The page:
Does the capture of Ahmed Abu Khatallah, a key suspect in the deadly 2012 Benghazi attacks, alter the political polarity of the episode?
If so, the change wasn't immediately apparent.
While Republicans said Tuesday they welcomed the news, they also made clear that their suspicions toward President Obama on all things Benghazi were far from assuaged.
Indeed, what appeared to happen was that Khatallah's apprehension added to — rather than subtracted from — the GOP points of contention with the Obama administration.
Khatallah's capture rekindled a dispute over the handling of terrorist suspects that goes back to the start of the administration, when Obama wanted to put Guantanamo detainees through the criminal justice system and close Gitmo. The issue: Should such suspects be kept in U.S. military custody as Republicans (and some Democrats) preferred or tried in the U.S. criminal justice system, Obama's preference?
In a statement, House Speaker John Boehner put Obama on notice that Republicans want Khatallah to be squeezed for all the intelligence value he can provide the U.S military before the administration moves the suspect to law enforcement.
"It is obviously good news that this terrorist is now in American custody, and I am grateful for the work of our military — assisted by the FBI — in capturing him," Boehner said in a statement. "I look forward to hearing more details regarding the raid, and I expect the administration to give our military professionals time to properly gather any useful intelligence he has." The implication was that the administration might be in a headlong rush to get Khatallah into the criminal justice system.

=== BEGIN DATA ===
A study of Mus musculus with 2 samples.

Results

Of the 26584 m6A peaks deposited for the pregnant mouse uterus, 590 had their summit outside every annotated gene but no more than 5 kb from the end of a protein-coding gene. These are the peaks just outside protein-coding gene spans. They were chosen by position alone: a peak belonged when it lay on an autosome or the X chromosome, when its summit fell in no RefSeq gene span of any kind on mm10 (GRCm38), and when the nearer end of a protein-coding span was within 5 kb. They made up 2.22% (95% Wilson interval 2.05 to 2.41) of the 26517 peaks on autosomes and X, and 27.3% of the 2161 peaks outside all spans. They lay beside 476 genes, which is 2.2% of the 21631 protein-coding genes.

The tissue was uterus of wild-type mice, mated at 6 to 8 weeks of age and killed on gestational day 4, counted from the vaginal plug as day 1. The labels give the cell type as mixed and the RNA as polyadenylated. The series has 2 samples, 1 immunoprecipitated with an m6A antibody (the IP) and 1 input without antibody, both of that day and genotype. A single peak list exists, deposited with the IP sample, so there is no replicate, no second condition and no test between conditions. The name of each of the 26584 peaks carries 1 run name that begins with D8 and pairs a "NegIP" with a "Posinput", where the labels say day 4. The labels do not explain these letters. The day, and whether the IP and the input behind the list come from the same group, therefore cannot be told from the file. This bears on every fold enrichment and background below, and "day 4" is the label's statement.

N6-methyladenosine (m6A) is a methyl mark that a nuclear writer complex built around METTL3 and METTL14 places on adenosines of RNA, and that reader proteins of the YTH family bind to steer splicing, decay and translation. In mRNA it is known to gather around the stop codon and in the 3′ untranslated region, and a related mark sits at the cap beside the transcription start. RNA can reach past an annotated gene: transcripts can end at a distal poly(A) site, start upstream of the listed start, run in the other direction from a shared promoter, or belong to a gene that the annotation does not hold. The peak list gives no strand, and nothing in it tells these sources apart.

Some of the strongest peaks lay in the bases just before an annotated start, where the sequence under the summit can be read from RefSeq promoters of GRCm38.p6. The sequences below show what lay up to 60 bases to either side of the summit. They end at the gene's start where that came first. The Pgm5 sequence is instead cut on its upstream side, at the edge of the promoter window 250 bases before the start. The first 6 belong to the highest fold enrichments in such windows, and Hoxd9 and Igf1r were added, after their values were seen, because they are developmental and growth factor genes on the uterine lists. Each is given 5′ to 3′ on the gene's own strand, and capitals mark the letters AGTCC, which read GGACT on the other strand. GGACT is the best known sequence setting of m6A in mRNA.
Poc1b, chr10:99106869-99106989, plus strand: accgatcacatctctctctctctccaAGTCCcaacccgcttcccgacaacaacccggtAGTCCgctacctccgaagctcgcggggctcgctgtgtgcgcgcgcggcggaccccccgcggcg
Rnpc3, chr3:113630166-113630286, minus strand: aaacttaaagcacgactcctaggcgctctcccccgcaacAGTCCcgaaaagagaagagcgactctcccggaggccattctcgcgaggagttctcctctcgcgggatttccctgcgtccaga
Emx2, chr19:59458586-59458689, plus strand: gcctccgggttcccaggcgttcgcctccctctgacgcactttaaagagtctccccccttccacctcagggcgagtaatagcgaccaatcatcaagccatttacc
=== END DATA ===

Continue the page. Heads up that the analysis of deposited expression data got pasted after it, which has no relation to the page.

Boehner was tame, however, compared with some other Republicans. For instance, Allan West, the former Republican congressman from Florida, accused Obama of using the capture as a distraction:
"Hat tip to our U.S. Special Operators but this smells of typical politics and especially the politics of expediency and Orwellian message control. We know the liberal progressive media depends upon an easily distracted populace. By the end of the week, this Abu Khatallah will be forgotten, but what will not be forgotten is the neatness of this and the timing of the announcement. So I guess Obama and Clinton can now tout that the perpetrators have been brought to justice — what took so long? — if indeed this pans out."
As did other Republicans, West questioned why Khatallah was captured only this weekend when he was out and about and doing interviews with Western media for some time after the attack that killed four Americans, including U.S. Ambassador Chris Stevens.
Democrats had no such issues with the timing. "The success of this operation is a tribute to the incredible dedication of our military, law enforcement and intelligence personnel," said Rep. Nancy Pelosi, D-Calif., the top House Democrat. "I commend President Obama for his resolute leadership in tracking down the perpetrators of the Benghazi attacks.
So, in the end, Khatallah's capture seemed little more than than one more talking point as the House slogs its way to the still-unscheduled Benghazi hearings.